Britain's Queen Elizabeth II has formally opened parliament, outlining the government's legislative program for the coming year. Strengthening relations between Europe and the United States and combating international terrorism are among the government's top foreign policy priorities.
In time-honored tradition, it was the queen who unveiled to the parliament the government's legislative agenda for the coming year. Among the main foreign policy concerns of Prime Minister Tony Blair's cabinet is rebuilding the trans-Atlantic relationship that has suffered since the war in Iraq.
"My government will work for a strong partnership between Europe and the United States, underpinned by NATO, and for effective action in tackling the threat from global terrorism and weapons of mass destruction," she said.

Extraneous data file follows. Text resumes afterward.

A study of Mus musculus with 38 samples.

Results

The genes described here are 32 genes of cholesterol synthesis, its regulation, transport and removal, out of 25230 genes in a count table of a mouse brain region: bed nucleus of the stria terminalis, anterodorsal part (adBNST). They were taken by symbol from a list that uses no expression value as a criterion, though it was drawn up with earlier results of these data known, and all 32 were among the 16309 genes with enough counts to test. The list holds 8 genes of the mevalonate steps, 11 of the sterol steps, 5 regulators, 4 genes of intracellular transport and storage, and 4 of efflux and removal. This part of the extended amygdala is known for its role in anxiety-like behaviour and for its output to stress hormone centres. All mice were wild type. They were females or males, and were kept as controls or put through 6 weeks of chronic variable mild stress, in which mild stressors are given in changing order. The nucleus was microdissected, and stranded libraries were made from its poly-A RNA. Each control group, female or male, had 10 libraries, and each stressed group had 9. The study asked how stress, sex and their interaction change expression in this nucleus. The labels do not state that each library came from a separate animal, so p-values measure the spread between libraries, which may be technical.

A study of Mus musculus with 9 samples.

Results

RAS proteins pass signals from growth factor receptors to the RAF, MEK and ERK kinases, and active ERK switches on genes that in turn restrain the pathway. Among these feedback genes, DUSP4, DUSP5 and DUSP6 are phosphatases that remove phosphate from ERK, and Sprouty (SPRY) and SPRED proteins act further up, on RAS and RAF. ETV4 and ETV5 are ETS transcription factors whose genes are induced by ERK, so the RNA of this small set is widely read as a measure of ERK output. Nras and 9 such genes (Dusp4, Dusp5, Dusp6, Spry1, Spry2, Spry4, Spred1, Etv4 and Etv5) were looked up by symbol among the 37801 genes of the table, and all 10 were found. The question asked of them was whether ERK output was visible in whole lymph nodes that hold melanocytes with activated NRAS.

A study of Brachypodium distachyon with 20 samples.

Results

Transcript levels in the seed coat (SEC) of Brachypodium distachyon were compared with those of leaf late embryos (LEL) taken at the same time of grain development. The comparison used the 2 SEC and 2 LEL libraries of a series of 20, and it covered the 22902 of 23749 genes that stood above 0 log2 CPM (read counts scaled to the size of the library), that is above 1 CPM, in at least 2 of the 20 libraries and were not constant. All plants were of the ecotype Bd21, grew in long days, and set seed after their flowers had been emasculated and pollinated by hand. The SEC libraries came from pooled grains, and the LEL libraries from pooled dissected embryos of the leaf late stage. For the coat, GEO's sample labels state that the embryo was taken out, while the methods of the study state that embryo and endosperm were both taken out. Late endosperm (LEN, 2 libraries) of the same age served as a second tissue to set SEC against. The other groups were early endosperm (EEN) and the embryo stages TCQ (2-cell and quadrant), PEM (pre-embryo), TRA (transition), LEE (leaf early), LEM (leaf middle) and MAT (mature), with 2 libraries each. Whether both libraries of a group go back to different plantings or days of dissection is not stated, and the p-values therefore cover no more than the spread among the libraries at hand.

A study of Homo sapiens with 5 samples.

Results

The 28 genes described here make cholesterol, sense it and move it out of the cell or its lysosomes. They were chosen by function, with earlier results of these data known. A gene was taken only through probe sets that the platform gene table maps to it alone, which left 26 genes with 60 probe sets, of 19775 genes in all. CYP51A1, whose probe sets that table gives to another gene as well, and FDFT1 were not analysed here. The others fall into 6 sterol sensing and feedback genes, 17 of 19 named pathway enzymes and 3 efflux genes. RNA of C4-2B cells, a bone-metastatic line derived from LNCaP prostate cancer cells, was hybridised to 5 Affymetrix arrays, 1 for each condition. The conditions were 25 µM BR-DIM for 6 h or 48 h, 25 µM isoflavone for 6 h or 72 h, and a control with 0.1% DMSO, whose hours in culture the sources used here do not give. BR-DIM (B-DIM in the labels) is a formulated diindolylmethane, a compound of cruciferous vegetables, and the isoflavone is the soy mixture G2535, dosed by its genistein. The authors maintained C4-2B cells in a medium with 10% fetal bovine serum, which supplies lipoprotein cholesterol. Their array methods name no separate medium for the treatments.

The government plans to meet the threat with tougher anti-terrorism legislation and measures to strengthen civil defense.
"The threat from international terrorism and a changing climate have led to a series of emergencies and heightened concerns for the future," continued Queen Elizabeth. "My government will introduce a bill creating a long-term foundation for civil contingencies capable of meeting these challenges at national and local level."
Mr. Blair's government also reaffirms its long-term commitment to peace and stability in Afghanistan and the Middle East.
"My government will maintain Britain's commitment to rebuilding Afghanistan and Iraq, to promoting peace in the Middle East and to tackling the underlying causes of conflict and extremism", she said.
Among the more controversial measures on the domestic agenda is the government's plan to introduce a national identity card and impose tighter controls on asylum seekers in Britain.